In a Q4 report, the SVOD highlighted barriers to growth, as well as why original, "can't live without" content will be key to success.
January 19, 2016

By Megan Haynes and Bree Rody-Mantha

Despite a slower local market, and some challenges internationally (including payment issues and language barriers), Netflix’s next quarter is looking sunny. Content that consumers “can’t live without” will continue to be a driving factor in increasing net subscribers, executives told investors on its Q4 call on Jan. 19.

The company reported $1.67 billion in global revenue, resulting in a profit of $270 million — and it has major subscription gains at home and abroad to thank for that.

Though the Los Gatos, Calif.-based SVOD fell short of its U.S. subscriber targets in Q3 quarter, adding less than 900,000 new subscribers in the country as opposed to its target of 1.15 million, Q4 saw 1.56 million new subscribers added in the U.S. Globally, Netflix added 5.59 million subscribers, bringing its worldwide total to more than 74 million subscribers.

Though the additions were seen as a success compared to the last quarter, Netflix’s net adds were down year over year, as expected. “Our net penetration in the U.S. seems to be making net additions harder than in the past,” the report read.

In an investor call, David Wells, CFO, said the company anticipated net additions would be lighter, year-over-year, noting, “the next 50 million are harder than the first 50 million in terms of growth.”

But despite the slowdown predictions locally, Netflix expects its international subscription numbers to grow quickly.

Given Netflix’s recent expansion into 130 more countries, the report states Netflix expects to grow by more than six million subscribers globally by the end of Q1 2016, which will be a record for Netflix, said Reed Hastings, CEO of the SVOD.

Available languages will play a roll in the speed of adoption in many of these countries, pointing out that there are certain regions, like Saudi Arabia, where Arabic subtitles make it easier for Netflix to grow quickly, in comparison to regions like Russia and Poland, which aren’t offered as language choices.

“We’ve got a ways to go over the next two years – we’ll keep adding more languages,” said Hastings. “Beyond language, we have work to do around payments.”

In each country there are different methods or traditions of payments that Netflix will begin to work on. “Think of it as we’ve really begun on international expansion, rather than we’re all complete on it,” he said.

The average subscription price also grew 4% to 5% worldwide in Q4, with Netflix raising prices a minimal amount for new users in most countries. The report states in the second and third quarter of 2016, Netflix will release a substantial number of its longtime U.S. customers from price grandfathering, offering them to keep their $7.99 monthly plan but only have access to standard definition content, or upgrade to $9.99 per month for high definition content. “Given that these members have been with us at least two years, we expect only slightly elevated churn,” the report stated.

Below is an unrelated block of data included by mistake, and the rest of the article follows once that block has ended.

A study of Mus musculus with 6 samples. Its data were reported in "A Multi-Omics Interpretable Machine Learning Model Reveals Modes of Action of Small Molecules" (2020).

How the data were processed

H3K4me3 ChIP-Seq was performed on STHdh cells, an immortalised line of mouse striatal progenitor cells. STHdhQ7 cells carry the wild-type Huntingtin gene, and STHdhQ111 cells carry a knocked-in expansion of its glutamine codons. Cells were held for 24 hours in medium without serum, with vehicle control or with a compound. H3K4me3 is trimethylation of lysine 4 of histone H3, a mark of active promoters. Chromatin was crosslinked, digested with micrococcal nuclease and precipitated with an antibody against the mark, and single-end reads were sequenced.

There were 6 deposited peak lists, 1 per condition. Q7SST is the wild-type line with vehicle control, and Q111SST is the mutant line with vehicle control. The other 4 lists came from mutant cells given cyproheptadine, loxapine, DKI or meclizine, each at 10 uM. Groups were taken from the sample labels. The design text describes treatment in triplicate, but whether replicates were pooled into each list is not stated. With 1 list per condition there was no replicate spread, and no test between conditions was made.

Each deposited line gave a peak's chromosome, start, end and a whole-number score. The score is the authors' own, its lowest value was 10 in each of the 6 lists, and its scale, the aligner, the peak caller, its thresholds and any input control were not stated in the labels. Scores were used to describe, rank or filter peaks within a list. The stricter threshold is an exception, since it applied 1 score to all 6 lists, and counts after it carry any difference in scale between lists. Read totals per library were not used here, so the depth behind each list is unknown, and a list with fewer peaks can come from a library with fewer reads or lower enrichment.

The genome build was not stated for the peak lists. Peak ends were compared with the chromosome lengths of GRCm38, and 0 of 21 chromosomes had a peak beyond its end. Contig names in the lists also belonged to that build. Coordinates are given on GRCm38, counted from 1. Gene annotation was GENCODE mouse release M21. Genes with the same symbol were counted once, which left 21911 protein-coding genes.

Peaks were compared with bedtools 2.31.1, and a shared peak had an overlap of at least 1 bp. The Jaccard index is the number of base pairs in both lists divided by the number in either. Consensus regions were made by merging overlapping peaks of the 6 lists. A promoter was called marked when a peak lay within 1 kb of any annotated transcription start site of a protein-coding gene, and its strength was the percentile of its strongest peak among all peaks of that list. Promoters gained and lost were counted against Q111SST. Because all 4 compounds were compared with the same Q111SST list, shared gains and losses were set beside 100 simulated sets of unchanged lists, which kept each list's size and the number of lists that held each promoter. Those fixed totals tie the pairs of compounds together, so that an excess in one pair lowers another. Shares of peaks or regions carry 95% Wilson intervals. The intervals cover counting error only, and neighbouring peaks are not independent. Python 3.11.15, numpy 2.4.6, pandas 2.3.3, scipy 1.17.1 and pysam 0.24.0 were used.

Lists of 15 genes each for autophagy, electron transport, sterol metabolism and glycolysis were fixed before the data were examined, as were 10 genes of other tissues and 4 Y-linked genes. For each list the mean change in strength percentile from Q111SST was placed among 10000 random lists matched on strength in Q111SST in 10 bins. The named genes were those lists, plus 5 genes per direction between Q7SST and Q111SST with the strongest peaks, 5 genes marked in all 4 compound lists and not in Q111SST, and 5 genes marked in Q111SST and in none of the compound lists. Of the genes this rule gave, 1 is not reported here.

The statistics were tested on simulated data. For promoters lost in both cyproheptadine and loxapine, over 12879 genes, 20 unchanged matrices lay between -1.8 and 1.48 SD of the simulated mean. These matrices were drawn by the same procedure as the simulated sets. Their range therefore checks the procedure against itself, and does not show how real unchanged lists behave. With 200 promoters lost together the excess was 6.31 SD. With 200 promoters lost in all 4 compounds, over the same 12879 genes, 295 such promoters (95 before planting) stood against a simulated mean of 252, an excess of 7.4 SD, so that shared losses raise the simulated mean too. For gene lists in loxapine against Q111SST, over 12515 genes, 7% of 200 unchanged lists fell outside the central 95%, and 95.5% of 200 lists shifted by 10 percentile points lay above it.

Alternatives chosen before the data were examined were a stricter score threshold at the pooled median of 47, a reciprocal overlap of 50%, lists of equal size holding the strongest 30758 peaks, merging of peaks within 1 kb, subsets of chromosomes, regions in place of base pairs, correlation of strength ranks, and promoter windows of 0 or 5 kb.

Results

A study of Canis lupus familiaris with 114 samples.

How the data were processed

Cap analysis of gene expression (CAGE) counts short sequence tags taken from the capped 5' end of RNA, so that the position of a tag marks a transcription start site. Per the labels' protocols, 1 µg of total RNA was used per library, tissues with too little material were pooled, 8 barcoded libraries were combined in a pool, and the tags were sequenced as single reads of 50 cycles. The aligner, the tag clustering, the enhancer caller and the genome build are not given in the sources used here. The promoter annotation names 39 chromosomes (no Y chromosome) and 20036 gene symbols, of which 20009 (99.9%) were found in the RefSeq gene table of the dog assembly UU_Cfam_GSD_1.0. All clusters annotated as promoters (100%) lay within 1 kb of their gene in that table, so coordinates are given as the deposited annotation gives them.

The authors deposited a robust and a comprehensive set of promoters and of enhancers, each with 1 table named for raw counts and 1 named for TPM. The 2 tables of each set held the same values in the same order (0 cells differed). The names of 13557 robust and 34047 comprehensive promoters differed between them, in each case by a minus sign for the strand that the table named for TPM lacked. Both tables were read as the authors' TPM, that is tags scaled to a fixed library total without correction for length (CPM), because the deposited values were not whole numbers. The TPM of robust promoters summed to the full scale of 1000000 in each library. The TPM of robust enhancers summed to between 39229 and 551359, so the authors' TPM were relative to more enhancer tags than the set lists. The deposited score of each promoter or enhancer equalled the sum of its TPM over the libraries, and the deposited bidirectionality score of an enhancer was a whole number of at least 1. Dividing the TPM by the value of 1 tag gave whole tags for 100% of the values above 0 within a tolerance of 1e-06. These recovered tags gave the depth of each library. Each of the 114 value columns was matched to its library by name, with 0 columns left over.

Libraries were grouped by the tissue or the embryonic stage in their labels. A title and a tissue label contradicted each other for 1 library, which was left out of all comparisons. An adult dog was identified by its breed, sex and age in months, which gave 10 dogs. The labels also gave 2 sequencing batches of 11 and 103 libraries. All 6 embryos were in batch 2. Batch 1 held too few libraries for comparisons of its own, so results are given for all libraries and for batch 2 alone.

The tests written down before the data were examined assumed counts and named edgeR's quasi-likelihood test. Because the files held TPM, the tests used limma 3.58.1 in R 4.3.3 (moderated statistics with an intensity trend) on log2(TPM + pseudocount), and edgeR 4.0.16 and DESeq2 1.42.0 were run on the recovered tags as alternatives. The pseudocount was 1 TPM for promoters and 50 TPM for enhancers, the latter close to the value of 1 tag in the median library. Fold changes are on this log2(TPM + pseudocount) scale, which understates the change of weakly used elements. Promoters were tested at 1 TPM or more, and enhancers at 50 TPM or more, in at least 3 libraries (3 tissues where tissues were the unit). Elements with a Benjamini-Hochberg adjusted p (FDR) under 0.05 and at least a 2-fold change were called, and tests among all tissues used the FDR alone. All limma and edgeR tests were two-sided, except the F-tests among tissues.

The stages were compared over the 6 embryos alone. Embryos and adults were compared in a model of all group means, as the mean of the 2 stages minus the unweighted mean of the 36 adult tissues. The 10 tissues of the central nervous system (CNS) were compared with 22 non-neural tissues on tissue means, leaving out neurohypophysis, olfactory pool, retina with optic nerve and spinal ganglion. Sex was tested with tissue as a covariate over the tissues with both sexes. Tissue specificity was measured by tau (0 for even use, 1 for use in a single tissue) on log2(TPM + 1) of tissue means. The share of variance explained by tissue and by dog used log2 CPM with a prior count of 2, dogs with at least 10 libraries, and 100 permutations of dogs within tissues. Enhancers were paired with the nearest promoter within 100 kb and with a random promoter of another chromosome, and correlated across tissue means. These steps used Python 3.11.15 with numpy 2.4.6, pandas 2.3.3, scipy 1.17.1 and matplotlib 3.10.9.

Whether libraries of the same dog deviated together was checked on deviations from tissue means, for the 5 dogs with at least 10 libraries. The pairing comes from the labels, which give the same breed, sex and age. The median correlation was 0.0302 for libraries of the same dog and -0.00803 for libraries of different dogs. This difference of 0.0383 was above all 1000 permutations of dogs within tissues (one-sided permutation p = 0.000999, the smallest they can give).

Netflix’s target for U.S. market penetration in 2020 still remains at 40%, and the report states that it is currently at 34%.

In Netflix’s recent high-profile expansion into 130 additional markets (with the notable exception of China), it paired with a number of global and local telcos and electronics companies such as Vodafone, Softbank and LG in order to ease into markets such as Japan and Singapore. However, the report identified China as an area of uncertainty.

“We are building relationships, understanding the market and seeking the conditions we require to provide our service to entertainment lovers there.” It did not offer a precise date for when it predicted to enter the Chinese market.

Content was a key theme in during the investor interview, with the three executives continually going back to its original programming. “The more content we’re adding, the more likely we are to land on a show somebody can’t live without,” said Ted Sarandos, chief content officer at Netflix.

The final quarter of 2015 saw Netflix launch more original series than ever. Five new original series were unveiled during that quarter including Marvel’s Jessica Jones and the comedy Master of None starring Aziz Ansari (which recently picked up a Critics’ Choice Award for best comedy series). It also premiered its first original film in Q4. The drama Beasts of No Nation, starring Idris Elba as an unnamed warlord and directed by Cary Fukunaga received critical acclaim, despite failing to break into the Oscar nominations.

Its plans for content in 2016 are ambitious, having recently promised 600 hours of original content for the year. With the growth, Sarandos said a focus will be on creating content for all taste, including multi-camera comedies like the Ashton Kutcher-starring The Ranch or the Fuller House reboot. Foreign-language fare, like the primarily Spanish-language Narcos, has also done well with U.S., and international audiences, he says, and that will also be a focus for the brand going forward.

On the topic of family friendly, kids’ programming, Sarandos added, “When people think of Netflix original programming they think of our sophisticated dramas or adult comedies, more so than our kids programming, but quietly we’ve been ammassing a very big selection of kids programming.” What’s more programs like Fuller House were developed as content that can be watched by the whole family, which he feels is an underserved market.